G is for Finding George

GRuth Ozeki offered twenty writing prompts in her preface to Choices (Borderline Press, 2016) which I am using as my platform for the A-Z Blogging Challenge. Twenty-six letters, twenty prompts, leaving six days unassigned.

I’m not ready for what Ozeki calls her Social Project prompts: “Find a way to end global warming. Make it work” (#16) and “Find a way to end poverty. Make it work. “(#17). When I complete them––I’ll use her library prompts, my favorites, as rewards.

Since I was already planning a library visit, why not make my own prompt?

Go to the history room of the library in your hometown and sleuth out information about Civil War veteran George Reuben Anderson––your great-grandfather. Ask the librarian for help. Never mind about the family tree stuff. Look for personal information.

I made my prompt a nimble container because, sly cover-up artist that I am, I wrote it after conducting research.

I have a binder full of information of basics about George: born in Ohio in 1857, 14 years old when the Civil War broke out, got his parents permission to enlist at 16 in the Kansas Light Artillery, was wounded in two battles, returned to Kansas, worked with his father as a harness maker, was a founding member of the Topeka chapter of the Grand Army of the Republic (the GAR, a vets organization that existed into the 1940s), moved to California, married Libby Kent ––my great grandmother––in 1877, fathered eight children one of whom was my grandmother, Martha Louise Anderson, a single woman who adopted my mother, Ruth Raemer Anderson (not a single woman)—she married Leslie Quinby in 1927––and they adopted me.

IMG_4156    At  the History Room in Visalia, library staff member Jennifer Spurlock tracked down a registry of veterans for the local GAR Post 111 and retrieved it from the library’s vault. She pointed to the graceful cursive handwriting of an unknown scribe who, over 130 years ago, had registered new members. My great grandfather’s name was number ten.

She also found photographs, located the original 1899 book containing a two-column biography about G.R., and set me up with Digital Reel, a newspaper database that had dozens of references about G.R. Anderson.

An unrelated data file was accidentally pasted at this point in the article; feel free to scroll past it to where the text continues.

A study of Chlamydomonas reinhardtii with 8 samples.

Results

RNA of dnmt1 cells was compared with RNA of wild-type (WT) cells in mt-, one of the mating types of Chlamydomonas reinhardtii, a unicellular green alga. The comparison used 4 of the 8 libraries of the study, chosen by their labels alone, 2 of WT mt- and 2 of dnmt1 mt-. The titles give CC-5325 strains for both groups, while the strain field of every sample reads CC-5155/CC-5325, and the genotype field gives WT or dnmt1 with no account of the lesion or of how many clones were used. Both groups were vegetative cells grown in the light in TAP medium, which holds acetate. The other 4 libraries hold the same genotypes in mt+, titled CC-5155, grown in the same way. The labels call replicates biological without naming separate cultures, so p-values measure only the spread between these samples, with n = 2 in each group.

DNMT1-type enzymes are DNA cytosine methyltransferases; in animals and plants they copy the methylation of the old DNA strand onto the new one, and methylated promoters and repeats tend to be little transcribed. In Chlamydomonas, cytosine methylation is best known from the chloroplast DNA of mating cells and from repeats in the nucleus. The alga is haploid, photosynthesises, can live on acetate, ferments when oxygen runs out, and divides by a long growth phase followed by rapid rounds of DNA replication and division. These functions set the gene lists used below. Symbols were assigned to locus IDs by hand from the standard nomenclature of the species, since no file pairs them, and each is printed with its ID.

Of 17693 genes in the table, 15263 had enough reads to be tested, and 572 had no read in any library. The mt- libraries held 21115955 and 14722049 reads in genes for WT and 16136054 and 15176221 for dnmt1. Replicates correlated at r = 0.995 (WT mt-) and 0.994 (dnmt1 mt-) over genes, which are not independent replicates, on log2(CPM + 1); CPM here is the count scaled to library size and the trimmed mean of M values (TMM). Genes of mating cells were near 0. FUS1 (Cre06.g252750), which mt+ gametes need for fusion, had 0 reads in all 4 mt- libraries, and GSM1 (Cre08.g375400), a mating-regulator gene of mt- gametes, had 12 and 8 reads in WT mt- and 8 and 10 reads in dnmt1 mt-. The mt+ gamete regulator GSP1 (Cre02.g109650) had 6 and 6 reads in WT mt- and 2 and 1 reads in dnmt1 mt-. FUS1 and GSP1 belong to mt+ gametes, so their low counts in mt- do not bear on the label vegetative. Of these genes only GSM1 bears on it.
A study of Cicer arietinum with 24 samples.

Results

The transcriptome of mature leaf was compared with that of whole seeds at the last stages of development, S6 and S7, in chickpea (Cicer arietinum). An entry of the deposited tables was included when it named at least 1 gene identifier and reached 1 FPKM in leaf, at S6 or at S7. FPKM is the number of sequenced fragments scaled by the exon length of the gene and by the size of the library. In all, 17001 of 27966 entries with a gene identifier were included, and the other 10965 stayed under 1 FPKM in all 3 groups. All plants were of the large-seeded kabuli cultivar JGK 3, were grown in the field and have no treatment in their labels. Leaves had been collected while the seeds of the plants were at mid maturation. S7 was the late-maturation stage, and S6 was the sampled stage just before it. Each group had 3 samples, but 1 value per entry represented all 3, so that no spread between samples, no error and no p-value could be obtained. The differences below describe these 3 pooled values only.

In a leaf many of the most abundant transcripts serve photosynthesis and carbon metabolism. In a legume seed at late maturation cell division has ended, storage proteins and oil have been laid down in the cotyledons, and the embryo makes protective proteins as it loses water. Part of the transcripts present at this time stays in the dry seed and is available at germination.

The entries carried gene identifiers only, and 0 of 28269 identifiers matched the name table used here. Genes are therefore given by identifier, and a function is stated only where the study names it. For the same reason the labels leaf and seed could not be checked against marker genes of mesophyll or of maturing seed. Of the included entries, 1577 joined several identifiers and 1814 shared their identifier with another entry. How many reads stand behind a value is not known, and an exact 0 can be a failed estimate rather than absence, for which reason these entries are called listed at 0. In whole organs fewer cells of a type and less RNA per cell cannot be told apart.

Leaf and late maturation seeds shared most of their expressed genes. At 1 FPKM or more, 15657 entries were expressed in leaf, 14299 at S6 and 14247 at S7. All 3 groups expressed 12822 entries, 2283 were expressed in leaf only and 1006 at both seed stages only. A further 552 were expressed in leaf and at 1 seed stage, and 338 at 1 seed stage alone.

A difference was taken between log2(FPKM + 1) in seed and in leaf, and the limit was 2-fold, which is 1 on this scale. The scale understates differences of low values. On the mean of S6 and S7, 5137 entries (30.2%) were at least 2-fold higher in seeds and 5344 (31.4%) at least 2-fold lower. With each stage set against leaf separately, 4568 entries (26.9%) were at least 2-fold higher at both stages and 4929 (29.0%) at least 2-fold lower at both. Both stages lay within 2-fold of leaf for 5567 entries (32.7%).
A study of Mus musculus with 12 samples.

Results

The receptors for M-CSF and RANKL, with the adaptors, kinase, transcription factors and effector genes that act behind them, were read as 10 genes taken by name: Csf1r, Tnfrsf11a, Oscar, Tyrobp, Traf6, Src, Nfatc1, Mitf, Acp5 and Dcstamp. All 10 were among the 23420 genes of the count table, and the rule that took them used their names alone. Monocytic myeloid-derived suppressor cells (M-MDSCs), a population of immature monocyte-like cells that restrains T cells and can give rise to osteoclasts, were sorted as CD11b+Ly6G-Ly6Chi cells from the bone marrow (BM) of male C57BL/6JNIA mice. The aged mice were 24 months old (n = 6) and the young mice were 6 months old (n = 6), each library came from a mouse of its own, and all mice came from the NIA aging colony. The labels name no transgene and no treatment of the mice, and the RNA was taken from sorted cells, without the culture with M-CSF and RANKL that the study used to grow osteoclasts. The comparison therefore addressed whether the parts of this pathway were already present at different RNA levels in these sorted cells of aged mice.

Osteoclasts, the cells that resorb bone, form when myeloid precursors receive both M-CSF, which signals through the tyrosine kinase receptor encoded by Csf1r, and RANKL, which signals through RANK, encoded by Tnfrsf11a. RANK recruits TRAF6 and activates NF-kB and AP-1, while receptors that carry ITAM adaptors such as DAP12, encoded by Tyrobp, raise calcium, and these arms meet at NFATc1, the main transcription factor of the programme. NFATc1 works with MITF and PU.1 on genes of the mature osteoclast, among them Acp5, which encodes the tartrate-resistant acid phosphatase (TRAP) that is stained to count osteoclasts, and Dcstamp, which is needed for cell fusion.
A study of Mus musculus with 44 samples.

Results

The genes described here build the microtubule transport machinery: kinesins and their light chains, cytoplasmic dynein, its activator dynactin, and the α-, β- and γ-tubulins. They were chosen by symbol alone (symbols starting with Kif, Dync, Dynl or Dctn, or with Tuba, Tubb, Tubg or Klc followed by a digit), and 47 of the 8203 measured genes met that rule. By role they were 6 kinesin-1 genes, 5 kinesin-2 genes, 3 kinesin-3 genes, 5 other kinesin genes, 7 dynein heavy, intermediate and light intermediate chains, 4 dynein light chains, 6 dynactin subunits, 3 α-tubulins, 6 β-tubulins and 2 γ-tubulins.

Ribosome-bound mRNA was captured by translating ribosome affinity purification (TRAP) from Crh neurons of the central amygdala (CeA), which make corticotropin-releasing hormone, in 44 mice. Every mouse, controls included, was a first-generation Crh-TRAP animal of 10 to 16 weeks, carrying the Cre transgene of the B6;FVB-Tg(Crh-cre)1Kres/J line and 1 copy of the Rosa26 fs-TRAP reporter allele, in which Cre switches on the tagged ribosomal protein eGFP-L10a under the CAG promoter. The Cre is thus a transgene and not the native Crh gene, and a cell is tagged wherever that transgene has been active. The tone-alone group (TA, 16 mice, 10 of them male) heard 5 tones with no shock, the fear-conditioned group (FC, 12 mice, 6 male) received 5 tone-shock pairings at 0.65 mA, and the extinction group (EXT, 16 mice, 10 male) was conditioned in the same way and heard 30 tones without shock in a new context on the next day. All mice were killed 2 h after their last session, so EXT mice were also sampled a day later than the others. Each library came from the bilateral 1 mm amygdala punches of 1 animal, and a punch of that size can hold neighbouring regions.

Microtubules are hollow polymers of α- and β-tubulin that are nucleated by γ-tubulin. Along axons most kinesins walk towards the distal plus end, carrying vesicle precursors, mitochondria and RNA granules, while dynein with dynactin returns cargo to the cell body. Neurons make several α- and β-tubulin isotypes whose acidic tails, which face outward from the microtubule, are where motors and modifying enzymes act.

My excitement was instant, palpable, commanding, but the software was exceedingly slow and my time limited. Some articles were difficult to find in the close weave of blurred digitized print. I downloaded some to a flash drive and opted to tease myself with the abbreviated lines that appeared in the electronic index of a now defunct newspaper, The Visalia Daily Times. I offer three, reproduced exactly as they appeared on the screen–enigmatic enough to demand a return trip to prospect for more archival gold.

  • May 8 1908 …G. R. Anderson was presented with a handsome gold watch and chain…
  • April 06, 1905 …told of the hold-up by a young daughter of G.R. Anderson, who had heard the story during the morning…
  • July 30, 1908…to spend some time with her parents, Mr. and Mrs. G.R. Anderson, in this city. Miss Anna is now almost recovered from…

Why did he receive a gold watch and chain? What’s this about a hold-up and which daughter saw it? Was it their daughter Anna, my great aunt, who went to visit G.R. and his wife Libby, and what was she recovering from?

If I have a take-home question it is this: do you have someone in your background, someone you may have never met that you would like to find out about? My take-home answer is this: find a librarian who can assist with your Sherlockian journey. The quest is energizing.